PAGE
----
Ever since Marks & Spencer boss Steve Rowe unveiled plans to reshape the retailer’s portfolio, speculation over which stores will be affected has been rife.

As well as exiting a tranche of markets overseas, M&S will also shutter 30 full-line stores in the UK, while around 45 more will either be downsized or converted into Simply Food shops.

The high-street bellwether is yet to reveal which stores it plans to close or convert.

As Rowe and his leadership team prepare to make some difficult decisions, new data from CACI has revealed the total clothing, furniture and homeware spend in the high streets and shopping centres where M&S has stores with a fashion and general merchandise offer.

While this is not an indication of which stores M&S will close, the bottom and top 15 catchments reveal how lucrative each shop could be in the fiercely contested fashion and general merchandise sectors.

According to the CACI data, shared exclusively with Retail Week, total spending on clothing, furniture and homewares is at its lowest on Merton High Street, where less than £5m is spent across the three categories annually.

Other catchments where M&S is present, including Longbridge in Birmingham, Sevenoaks, Milton Keynes and Kew Retail Park in Richmond, also fail to attract much in the way of general merchandise spend per annum.

All but one of the bottom 15 are given a D or E health rating by CACI, in which A is given to healthy, robust locations and E to smaller locations that are on the decline in terms of footfall and spend.

Retail centre/high streetCatchment’s clothing, furniture and homeware spend per annumCentre/high street’s health band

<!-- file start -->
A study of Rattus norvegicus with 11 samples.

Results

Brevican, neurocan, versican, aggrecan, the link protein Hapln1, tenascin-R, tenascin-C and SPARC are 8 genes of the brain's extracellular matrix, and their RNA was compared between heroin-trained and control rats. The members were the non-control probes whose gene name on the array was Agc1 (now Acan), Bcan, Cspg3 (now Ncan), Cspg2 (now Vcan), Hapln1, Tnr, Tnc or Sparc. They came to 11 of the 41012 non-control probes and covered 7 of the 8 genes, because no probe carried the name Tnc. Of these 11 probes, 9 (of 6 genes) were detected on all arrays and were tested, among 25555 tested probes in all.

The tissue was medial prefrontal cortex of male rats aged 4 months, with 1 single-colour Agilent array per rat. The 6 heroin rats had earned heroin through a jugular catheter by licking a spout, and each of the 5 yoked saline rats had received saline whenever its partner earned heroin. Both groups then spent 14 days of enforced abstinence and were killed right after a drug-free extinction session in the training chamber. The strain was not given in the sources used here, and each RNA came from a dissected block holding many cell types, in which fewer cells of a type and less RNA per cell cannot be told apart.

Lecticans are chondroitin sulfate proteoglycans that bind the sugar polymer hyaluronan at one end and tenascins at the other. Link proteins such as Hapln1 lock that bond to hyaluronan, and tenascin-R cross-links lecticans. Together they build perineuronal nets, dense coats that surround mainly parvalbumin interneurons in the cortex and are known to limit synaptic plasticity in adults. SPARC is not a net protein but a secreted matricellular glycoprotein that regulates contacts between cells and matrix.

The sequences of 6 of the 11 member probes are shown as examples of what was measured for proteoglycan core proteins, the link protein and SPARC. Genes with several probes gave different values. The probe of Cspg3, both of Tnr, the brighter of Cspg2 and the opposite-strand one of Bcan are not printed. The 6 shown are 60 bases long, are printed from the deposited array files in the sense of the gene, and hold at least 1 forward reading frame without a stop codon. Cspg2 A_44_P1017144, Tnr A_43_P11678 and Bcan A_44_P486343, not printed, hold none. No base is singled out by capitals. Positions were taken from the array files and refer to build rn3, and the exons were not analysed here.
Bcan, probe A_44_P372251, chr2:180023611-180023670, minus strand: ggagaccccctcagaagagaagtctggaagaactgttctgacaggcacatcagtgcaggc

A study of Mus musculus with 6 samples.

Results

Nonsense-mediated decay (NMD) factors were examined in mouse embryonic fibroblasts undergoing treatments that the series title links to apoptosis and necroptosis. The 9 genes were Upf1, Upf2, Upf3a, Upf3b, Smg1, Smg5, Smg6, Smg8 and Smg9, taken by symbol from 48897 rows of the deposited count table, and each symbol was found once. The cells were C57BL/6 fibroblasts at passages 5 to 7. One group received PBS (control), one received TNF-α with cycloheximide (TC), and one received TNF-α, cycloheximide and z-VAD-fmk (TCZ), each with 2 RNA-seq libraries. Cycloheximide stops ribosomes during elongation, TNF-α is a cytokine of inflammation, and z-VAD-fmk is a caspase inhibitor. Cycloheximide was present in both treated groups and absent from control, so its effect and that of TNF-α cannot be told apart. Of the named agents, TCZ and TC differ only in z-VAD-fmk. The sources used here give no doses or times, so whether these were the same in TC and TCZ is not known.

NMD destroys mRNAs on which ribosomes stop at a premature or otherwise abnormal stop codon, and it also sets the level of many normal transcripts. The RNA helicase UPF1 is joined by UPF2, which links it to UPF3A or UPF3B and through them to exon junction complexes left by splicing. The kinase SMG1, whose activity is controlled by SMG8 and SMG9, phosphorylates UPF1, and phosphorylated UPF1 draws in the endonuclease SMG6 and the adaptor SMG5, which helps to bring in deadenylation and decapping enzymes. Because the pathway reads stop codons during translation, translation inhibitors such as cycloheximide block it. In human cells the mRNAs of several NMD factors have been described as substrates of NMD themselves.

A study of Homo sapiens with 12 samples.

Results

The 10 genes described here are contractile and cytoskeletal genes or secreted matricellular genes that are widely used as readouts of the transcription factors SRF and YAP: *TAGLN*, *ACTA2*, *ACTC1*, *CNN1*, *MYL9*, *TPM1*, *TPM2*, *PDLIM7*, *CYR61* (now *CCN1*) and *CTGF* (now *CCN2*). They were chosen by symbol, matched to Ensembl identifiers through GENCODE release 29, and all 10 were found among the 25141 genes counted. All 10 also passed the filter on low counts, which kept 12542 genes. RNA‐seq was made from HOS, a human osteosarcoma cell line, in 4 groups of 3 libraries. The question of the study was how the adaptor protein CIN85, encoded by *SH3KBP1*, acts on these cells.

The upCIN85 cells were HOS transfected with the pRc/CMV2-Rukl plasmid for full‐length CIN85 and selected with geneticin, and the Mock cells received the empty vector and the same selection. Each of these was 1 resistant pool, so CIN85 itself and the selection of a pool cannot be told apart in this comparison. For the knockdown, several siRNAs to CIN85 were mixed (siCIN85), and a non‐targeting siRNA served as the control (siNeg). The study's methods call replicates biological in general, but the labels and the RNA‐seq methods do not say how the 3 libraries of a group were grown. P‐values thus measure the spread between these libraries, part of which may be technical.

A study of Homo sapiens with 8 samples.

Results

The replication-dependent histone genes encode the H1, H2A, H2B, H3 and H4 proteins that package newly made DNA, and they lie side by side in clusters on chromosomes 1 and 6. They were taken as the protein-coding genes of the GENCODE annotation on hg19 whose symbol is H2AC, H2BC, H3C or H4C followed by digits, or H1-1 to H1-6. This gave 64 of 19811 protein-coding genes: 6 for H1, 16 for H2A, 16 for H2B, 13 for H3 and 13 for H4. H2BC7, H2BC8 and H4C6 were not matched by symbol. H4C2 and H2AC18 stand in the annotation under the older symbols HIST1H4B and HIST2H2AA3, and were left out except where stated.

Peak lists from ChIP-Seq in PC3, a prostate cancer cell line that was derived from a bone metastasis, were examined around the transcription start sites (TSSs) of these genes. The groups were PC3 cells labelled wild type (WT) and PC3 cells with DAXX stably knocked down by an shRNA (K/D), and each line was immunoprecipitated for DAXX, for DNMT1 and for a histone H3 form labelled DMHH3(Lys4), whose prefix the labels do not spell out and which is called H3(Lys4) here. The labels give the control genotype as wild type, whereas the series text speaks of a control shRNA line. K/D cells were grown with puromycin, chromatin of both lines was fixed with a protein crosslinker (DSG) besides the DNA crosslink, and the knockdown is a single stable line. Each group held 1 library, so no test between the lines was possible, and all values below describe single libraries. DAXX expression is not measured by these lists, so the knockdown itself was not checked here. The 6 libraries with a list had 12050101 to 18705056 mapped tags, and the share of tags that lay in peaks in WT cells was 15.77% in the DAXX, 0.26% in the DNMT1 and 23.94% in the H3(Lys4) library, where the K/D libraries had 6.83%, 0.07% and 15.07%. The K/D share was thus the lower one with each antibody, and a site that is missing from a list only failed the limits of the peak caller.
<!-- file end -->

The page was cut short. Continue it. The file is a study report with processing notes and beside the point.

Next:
Merton High Street £4,975,139 D
Birmingham - Longbridge £5,024,938 E
Leicester - Oadby £5,890,705 E
Sevenoaks £9,178,251 D
Richmond - Kew Retail Park £9,680,549 E
Pudsey - Owlcotes Centre £9,924,488 E
Llandudno £10,794,265 E
Hayle - West Cornwall Shopping Park £11,032,795 C
Milton Keynes - Kingston Centre Retail Park £12,646,635 E
Milton Keynes - MK1 Shopping Park £12,727,736 E
Hexham £12,781,381 D
Deal £13,493,507 E
Felixstowe £13,565,117 E
Handforth - Kiln Croft Lane £13,660,994 E
London Colney - Colney Fields Shopping Park £14,145,356 D

By contrast, London’s West End is the biggest catchment for fashion, furniture and homewares spending in which M&S currently has a general merchandise store.

The area rakes in more than £1bn in spend across the three categories every year, according to CACI data. 

Glasgow city centre is some way behind in second place with a £600m market, while Manchester’s Trafford Centre, Westfield’s two London malls and high-street locations in Leeds, Liverpool, Birmingham and Nottingham all make the top 15.

Retail centre/high streetCatchment’s clothing, furniture and homeware spend per annumCentre/high street’s health band
London - West End £1,029,250,046 A
Glasgow £600,654,608 B
Manchester £557,659,984 B
Birmingham £535,255,151 A
Trafford Centre £514,342,329 A
Westfield Stratford City £493,700,240 A
Leeds £482,736,559 A
Liverpool £469,567,370 B
Bluewater £465,853,804 A
Westfield London £458,026,910 A
Belfast £444,618,804 B
Milton Keynes £437,119,316 A
Meadowhall £428,171,354 B
Nottingham £421,293,187 B
Newcastle upon Tyne £373,883,255 B

CACI consulting partner Paul Langston said: “The closures of the M&S stores across the UK will naturally be a strategic decision based on current performance and market potential.

“While these closures will be important for M&S in the future, in some locations they could be the final nail in the coffin for the centres in which the stores reside, as the ‘health’ of the retail spending in these locations continues to dwindle.”